Livestock & animals

The Department of Primary Industries and Regional Development supply chain support, research and development and rigorous biosecurity systems underpin the economic success of Western Australia’s livestock industries. In 2011/12, the WA livestock industries contributed 26% of the state’s agriculture, fisheries and forestry production, worth approximately $2 billion at the farm gate.

WA is a world leader in live exports, super fine wool production and dryland sheep and grain systems. Both cattle and sheep systems are focused on export markets to Asia and the Middle East. WA also has innovative, world-class integrated dairy and pork industries meeting local and South East Asian demand for safe, fresh milk and pork. The WA poultry industry is growing strongly as a result of increasing domestic consumption.

Global demand for high-quality, safe animal protein and products produced according to high animal welfare standards will continue to rise in coming years. Increasingly DAFWA will partner with industry -- locally, nationally and internationally -- in transformational business projects to capitalise on this demand.

Articles

  • Bluetongue virus can infect all ruminants but it usually only causes serious disease in sheep. Cattle may be infected with the virus but rarely show disease.

  • Big improvements in wild dog management and agricultural pest animal control resulted from funding through the WA Government's Royalties for Regions program.

  • The Biosecurity and Agriculture Management Act 2007 (BAM Act) provides the authority for regulations to be made for the erection and maintenance of barrier fences as a means of controlling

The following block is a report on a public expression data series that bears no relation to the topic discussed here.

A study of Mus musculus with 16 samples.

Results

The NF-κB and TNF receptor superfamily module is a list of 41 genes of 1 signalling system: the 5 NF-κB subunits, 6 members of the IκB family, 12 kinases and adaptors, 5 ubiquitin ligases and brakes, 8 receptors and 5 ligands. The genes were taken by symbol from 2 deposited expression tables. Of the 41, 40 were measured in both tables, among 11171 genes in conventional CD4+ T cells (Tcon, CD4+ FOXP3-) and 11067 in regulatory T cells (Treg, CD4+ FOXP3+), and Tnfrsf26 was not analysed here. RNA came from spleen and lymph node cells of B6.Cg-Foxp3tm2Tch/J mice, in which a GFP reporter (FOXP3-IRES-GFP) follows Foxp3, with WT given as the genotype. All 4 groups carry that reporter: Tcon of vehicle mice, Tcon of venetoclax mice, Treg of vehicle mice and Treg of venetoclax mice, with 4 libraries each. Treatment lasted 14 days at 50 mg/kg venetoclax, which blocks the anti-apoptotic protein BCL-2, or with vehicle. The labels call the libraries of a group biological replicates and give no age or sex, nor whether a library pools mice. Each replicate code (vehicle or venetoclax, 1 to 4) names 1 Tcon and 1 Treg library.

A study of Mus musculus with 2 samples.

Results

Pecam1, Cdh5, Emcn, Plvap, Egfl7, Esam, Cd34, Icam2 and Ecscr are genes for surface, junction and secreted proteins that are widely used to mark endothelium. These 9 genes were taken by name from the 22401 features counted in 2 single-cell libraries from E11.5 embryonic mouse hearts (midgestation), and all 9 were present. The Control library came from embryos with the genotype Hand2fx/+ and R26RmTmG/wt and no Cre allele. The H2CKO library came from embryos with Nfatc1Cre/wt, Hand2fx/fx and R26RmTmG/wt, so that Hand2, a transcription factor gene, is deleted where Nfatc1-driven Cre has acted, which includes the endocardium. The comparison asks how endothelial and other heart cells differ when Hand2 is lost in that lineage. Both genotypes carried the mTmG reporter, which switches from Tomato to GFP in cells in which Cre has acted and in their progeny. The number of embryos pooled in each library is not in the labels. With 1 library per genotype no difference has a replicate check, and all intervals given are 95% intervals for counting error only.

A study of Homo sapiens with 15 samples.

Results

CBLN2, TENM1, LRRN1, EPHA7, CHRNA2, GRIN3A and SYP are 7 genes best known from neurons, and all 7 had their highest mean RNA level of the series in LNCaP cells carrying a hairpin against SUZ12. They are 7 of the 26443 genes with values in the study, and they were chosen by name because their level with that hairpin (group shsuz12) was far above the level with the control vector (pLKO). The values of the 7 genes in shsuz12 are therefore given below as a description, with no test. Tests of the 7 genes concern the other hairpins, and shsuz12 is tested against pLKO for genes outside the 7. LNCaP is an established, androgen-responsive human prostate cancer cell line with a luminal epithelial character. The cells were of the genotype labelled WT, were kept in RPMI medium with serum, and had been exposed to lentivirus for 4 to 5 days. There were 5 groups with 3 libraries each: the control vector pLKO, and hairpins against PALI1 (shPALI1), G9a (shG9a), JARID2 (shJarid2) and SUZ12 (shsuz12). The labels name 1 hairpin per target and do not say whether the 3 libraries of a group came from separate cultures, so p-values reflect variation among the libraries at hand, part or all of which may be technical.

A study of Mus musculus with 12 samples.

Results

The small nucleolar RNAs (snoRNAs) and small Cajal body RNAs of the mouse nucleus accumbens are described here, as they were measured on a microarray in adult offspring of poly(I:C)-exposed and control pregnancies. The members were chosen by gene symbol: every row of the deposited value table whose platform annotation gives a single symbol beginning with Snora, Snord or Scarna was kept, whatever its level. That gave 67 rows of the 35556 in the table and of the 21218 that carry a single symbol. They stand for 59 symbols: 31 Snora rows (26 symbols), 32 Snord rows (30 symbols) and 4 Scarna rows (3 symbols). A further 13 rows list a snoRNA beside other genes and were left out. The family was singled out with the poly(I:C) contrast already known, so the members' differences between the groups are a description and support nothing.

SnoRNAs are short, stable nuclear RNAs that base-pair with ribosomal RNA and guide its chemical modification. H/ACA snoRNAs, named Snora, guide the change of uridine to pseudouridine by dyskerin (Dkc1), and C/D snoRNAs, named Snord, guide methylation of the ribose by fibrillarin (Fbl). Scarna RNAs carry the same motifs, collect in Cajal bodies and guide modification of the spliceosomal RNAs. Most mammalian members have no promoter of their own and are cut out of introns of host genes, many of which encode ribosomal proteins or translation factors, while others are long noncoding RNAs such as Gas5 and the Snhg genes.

• This webpage describes the signs of Johne’s disease (JD) in sheep, how it spreads, and testing options.

  • Blue-green algae are a group of algae including Nodularia spumigena, Microcystis aeruginosa and Anabaena circinalis.

  • The Department of Primary Industries and Regional Development (DPIRD) has commenced the extension of the State Barrier Fence eastwards from its current termination point near Ravensthorpe, extendin

  • Selenium and vitamin E are essential in sheep diets, and work together to prevent and repair cell damage in the body.

  • There are two forms of footrot in sheep and goats: virulent and benign. They are caused by infection with different strains of the bacterium, Dichelobacter nodosus.

  • This webpage outlines the market impacts of a Johne’s disease (JD) diagnosis, biosecurity practices to reduce the likelihood of JD in sheep occurring on your property, the SheepMAP program, and opt

  • Flystrike is a significant health and welfare risk to Australian sheep and costs $280 million annually.